The More Things Change, The More They Stay the Same

Looking back at the headlines of the last few large corrections shows a lot of similarities

By Jon Aldrich

We are 126 days into the current market correction that began on Jan 4 of this year. The S & P 500 is down about 16%, the Aggregate U.S. Bond market is down about 9%, even Bitcoin and most cryptocurrencies are being crushed. There have not been many places for an investor to “hide”. It truly has been a year that we would like to forget, but, as investors, we know that markets are going to encounter rough periods like we are currently experiencing. That is part of the deal. In order to get long-term inflation beating returns that stocks provide, we have to endure the bumps in the road that pop up rather frequently.

Investors are uneasy as markets are dealing with the highest inflation in 40 years, the Federal Reserve raising interest rates aggressively, bonds having their worst start to a year ever, a war in Ukraine and major supply chain disruptions. We seem to be at peak negativity, and often times that is a good thing.

Another good sign is that CNBS has started running it’s “Markets in Turmoil” nightly specials as you know the media can never let a good crisis go to waste. However, I look forward to when this special starts running because every market correction I mention below was near it’s end once these fear fueled specials are broadcast.

I went and looked back at headlines in the Wall Street Journal near the bottoms of the several large corrections we have had since the Great Recession back in 2008 to see what the emotions were near the crescendo of those corrections. When I say the market, I am referring to the S & P 500, as that is probably the best representation of the broad stock market. What you will notice is that a lot of the headlines are very similar to what we are reading now.

April 26 to July 10, 2010. The market dropped 17.1% over 66 days. The catalysts then were a debt crisis in Europe, the Flash Crash, and growth concerns in the U.S. economy. Here is an excerpt from the 6/29/2010 edition:

Less than a year later we had another large correction where the market dropped 21.6% over 155 days from May 2 to Oct 4, 2011. The culprits then were Europe’s Debt crisis again, fears the U.S. was heading back into a recession and the U.S. Debt downgrade. Here is a paragraph from the 10/3/2011 edition:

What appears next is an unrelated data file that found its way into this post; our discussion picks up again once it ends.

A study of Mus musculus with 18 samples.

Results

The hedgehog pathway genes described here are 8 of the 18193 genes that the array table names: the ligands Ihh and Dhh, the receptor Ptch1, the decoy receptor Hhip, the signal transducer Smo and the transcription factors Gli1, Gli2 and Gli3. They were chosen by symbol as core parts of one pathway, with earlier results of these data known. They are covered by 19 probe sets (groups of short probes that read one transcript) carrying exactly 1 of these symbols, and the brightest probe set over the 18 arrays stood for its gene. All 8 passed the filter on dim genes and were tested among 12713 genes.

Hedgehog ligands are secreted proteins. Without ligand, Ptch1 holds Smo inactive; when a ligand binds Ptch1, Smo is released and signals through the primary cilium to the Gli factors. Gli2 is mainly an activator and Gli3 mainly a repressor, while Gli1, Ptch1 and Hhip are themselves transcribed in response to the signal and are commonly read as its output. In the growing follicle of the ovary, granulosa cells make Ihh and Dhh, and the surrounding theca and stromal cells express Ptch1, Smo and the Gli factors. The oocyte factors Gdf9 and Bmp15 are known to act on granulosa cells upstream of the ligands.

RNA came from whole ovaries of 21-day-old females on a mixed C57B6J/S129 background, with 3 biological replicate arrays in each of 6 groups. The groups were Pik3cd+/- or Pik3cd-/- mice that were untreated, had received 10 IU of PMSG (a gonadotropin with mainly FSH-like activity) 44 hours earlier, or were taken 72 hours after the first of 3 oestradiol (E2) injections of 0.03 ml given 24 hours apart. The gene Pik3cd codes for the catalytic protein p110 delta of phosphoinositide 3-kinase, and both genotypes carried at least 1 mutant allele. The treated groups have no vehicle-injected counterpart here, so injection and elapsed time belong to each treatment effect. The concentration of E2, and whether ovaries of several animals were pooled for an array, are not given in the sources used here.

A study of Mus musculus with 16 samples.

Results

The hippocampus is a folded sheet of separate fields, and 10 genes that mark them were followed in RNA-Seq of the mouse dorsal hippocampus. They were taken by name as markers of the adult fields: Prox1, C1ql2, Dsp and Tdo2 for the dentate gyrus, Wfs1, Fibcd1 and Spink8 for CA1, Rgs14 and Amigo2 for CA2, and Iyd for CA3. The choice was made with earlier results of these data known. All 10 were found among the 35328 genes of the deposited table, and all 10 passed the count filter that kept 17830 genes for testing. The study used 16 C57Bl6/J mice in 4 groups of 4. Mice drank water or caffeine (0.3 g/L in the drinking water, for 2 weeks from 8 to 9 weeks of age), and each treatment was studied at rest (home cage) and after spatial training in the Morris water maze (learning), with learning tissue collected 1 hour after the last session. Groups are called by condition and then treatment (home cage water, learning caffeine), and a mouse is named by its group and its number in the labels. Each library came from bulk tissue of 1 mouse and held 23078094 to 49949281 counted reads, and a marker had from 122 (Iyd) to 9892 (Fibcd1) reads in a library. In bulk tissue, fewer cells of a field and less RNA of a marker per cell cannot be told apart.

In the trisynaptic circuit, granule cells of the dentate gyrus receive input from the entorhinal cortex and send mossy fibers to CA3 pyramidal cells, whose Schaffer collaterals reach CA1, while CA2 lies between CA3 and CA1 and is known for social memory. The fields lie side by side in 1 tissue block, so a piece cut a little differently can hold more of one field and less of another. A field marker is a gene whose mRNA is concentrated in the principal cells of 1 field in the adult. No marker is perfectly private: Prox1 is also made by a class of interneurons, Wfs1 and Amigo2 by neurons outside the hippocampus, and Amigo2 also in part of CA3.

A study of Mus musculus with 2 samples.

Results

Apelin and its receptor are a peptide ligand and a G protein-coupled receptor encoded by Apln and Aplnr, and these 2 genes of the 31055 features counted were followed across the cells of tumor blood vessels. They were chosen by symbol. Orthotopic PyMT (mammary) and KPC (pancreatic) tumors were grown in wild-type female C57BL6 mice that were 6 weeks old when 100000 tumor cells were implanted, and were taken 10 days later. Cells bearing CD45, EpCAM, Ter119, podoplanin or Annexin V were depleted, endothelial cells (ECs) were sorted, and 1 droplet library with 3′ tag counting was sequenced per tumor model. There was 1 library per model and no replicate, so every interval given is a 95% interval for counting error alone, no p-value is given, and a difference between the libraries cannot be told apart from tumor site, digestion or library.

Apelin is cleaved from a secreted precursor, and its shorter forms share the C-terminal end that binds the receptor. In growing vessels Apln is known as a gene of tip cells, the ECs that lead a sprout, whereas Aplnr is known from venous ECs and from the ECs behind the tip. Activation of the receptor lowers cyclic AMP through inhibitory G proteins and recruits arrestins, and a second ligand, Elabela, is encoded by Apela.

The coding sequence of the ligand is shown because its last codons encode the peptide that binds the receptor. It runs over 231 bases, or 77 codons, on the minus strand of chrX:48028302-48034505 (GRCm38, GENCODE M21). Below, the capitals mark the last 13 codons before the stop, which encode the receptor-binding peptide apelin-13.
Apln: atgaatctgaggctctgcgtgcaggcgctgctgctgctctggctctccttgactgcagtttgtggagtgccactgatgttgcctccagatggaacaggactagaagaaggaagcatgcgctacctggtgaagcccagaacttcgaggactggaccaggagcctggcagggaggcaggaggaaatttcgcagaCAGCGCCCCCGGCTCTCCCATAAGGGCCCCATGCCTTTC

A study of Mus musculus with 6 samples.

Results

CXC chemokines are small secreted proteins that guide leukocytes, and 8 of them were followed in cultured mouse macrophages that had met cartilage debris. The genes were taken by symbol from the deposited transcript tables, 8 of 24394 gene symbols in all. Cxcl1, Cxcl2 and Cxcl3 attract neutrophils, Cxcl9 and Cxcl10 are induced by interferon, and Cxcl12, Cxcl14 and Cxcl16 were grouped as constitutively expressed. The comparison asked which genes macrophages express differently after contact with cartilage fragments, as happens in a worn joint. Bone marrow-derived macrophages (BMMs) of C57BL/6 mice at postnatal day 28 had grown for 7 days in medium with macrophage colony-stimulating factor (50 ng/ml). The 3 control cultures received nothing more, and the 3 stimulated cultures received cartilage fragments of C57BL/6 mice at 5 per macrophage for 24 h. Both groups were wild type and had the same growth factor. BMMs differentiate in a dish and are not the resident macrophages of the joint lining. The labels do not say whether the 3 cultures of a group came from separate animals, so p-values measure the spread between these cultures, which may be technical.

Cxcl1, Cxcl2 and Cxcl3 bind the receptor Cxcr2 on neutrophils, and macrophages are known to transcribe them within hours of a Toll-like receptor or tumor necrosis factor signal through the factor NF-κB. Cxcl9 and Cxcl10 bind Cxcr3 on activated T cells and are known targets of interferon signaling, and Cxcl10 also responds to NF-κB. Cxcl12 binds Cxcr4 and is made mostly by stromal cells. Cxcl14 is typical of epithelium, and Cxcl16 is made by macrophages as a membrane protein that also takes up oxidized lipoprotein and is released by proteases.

From 5/20/2015 to 2/11/2016 there was a more grinding correction that lasted 267 days and took the market down 15.2%. The problems then were, worries of a default in Greece, a crash in stocks in China, oil prices falling substantially to around $28 a barrel, as there was actually too much oil (it is around $105 a barrel now) and North Korea saber rattling. Here is an excerpt from the 2/9/2016 edition:

A couple of years later the market fell 20.2% over 96 days from 9/21/2018 to 12/26/2018. Rising interest rates, a slowdown in China, trade wars and tariffs and a slowdown in housing caused the consternation at that time. Here is an excerpt from the 12/20/2018 Wall Street Journal that has a lot of similarities to today’s headlines.

Finally, we had the pandemic and the COVID Crash that occurred from 2/19/2020 to 3/23/2020 lasting only 33 days, but resulting in a market drop of 35.4%. In reflection, that sure was a scary time because it wasn’t just a market crisis, but a health crisis as well. Here are a couple paragraphs from the 3/19/2020 edition of the Journal:

There’s been a frantic rush to sell anything and everything, breaking many of the ways markets normally work. Safe-haven assets such as gold and Treasuries fell in price in recent days even as stocks plummeted, because people wanted cash.

At the same time, banks and other major financial groups that usually grease the wheels of the markets pulled back, resulting in higher bid-offer spreads and more difficulty trading. The unwillingness of arbitragers to take even small risks resulted in many exchange-traded funds moving far away from the value of their underlying assets.

Better News on the Horizon?

This correction may still have some room to go before it is over, but there are signs it may be closer to the end than the beginning. The first is the “Markets in Turmoil” special I mentioned above. The other is the chart below that shows the ratio of Bulls to Bears in the market compiled by a well-known market publication called Investors Intelligence. In almost all instances when this ratio has dropped below 1 it has been a good time to invest as the market has mounted some nice rallies. The ratio is well below 1 currently. It doesn’t always happen instantly, but the market eventually does rally when the ratio is less than 1. Also, stock market valuations are starting to look more attractive, they can still get cheaper, but they are looking better.

Source: Yardeni Research

This certainly has been a grueling 4 months for investors and it could still drag on for a while, we just don’t know for sure. But investing is a long-term process. Money you need to spend in the next couple of years should be in cash or very short-term bond funds that will not be impacted much by rising rates. However, in the long run, stocks are going to give you the best chance of keeping up with inflation, you just have to live with the ups and downs. Just like everyday life. There will be better days ahead at some point.